Henry Giroux is a sociologist of education that writes mainly about what he (and others) call “critical pedagogy.” For him, schools are not just neutral deliverers of information to students—they are sites where the cultural values of society are implied and enforced, where students and teachers resist and conform, and where the greatest potential exists to make humanistic reforms for society. And that’s where critical pedagogy comes in: by examining the structures of society (including schools) and tendencies of cultures, educators can teach in a powerfully emancipatory way.
He has written prolifically, and it’s not like I’ve read a whole lot of his work, but recommend two articles.
The first, Theories of Reproduction and Resistance in the New Sociology of Education: A Critical Analysis, is a tour of contemporary sociology of education from the perspective of class, race and gender. It reviews and explains what some of the most important educational critics are saying about how schools reproduce the status quo and how students and teachers can break out of that mold. Written in 1983, the authors he reviews are a who’s who of the canon of sociology of education and cultural studies: Apple, Bordieu, Gramsci, Althusser, and many more. While much of Giroux’s work is nearly impenetrable due to vocabulary and a sense of hurry, this essay is measured and accessible, if long. He explains the theories so well, I dare say you don’t even need to bother reading the original work (GASP, I take it back, we should all read everything by everyone).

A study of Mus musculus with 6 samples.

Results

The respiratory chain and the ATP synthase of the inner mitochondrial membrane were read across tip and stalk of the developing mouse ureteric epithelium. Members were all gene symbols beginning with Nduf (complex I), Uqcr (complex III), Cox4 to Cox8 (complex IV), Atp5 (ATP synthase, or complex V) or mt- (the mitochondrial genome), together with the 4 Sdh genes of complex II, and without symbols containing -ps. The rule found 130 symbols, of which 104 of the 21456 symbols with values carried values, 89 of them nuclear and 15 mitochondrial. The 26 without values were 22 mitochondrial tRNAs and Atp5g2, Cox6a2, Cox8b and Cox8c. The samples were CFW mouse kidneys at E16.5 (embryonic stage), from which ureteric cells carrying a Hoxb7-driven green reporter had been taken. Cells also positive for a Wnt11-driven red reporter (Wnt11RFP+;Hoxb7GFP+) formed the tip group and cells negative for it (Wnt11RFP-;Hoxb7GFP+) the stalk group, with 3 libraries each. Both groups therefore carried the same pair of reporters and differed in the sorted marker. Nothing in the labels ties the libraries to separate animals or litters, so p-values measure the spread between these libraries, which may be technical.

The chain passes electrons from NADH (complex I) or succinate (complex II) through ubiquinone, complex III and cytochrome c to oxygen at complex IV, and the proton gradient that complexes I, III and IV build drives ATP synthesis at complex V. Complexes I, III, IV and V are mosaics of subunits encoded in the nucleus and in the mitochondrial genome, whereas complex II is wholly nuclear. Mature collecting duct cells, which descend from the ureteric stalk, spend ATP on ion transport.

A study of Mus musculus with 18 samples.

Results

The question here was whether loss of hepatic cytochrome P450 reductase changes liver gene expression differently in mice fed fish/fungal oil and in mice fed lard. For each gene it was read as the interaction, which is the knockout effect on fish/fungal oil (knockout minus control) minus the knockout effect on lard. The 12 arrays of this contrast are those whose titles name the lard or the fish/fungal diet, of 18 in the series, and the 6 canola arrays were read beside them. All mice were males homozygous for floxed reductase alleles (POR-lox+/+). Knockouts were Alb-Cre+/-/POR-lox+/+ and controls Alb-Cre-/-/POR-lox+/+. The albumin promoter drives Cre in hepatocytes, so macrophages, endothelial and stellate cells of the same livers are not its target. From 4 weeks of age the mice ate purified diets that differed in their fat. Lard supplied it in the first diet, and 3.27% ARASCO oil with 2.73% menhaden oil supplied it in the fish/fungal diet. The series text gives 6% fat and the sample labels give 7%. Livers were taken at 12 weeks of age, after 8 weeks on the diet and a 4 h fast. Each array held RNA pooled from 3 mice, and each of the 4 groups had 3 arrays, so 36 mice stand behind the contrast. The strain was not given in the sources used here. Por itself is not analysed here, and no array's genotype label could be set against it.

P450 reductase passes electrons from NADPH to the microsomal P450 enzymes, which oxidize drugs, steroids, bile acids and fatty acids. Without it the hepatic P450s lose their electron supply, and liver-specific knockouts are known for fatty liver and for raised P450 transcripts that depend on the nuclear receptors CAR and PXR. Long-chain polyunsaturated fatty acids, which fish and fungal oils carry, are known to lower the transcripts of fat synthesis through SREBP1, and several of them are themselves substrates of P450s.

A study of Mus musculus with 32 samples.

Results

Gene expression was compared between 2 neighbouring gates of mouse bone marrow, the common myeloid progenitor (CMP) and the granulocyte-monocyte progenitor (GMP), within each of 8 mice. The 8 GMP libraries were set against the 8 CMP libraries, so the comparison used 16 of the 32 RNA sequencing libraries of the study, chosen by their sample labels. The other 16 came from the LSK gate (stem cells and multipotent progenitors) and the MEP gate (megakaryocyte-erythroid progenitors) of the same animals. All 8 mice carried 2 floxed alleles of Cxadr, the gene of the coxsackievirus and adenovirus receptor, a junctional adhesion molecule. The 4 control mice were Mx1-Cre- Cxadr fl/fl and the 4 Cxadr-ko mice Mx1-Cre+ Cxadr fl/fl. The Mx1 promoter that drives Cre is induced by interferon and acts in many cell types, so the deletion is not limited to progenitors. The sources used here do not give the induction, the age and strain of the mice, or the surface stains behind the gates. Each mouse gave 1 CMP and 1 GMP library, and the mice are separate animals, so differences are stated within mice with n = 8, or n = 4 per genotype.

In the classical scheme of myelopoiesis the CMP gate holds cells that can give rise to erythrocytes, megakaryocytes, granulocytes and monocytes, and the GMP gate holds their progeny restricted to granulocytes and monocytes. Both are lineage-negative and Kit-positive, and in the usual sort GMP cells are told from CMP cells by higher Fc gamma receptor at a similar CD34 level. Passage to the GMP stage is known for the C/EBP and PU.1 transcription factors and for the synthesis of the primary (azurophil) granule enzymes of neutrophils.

Touching on topics like the hidden curriculum, symbolic violence, ideology, hegemony, in the framework of reproduction and resistance, Giroux lays out strengths and weaknesses of each theory, and in the end presents an alternative theory that relies on the agency of individuals. While it was abstract in 1983, he went on to describe his theory and what it would look like in practice in many of his other articles. In Doing Cultural Studies: Youth and the Challenge of Pedagogy, he offers a model for teachers on how they might teach in the way he described in the 1983 article. He describes the importance of teachers and suggests they take on the role of public intellectuals. The model describes how teachers can use popular movies in their classrooms to challenge the messages and stories presented by dominant media. This is critical pedagogy in action.
So read some Henry Giroux! He presents a real challenge to teachers in today’s schools to be transformative educators.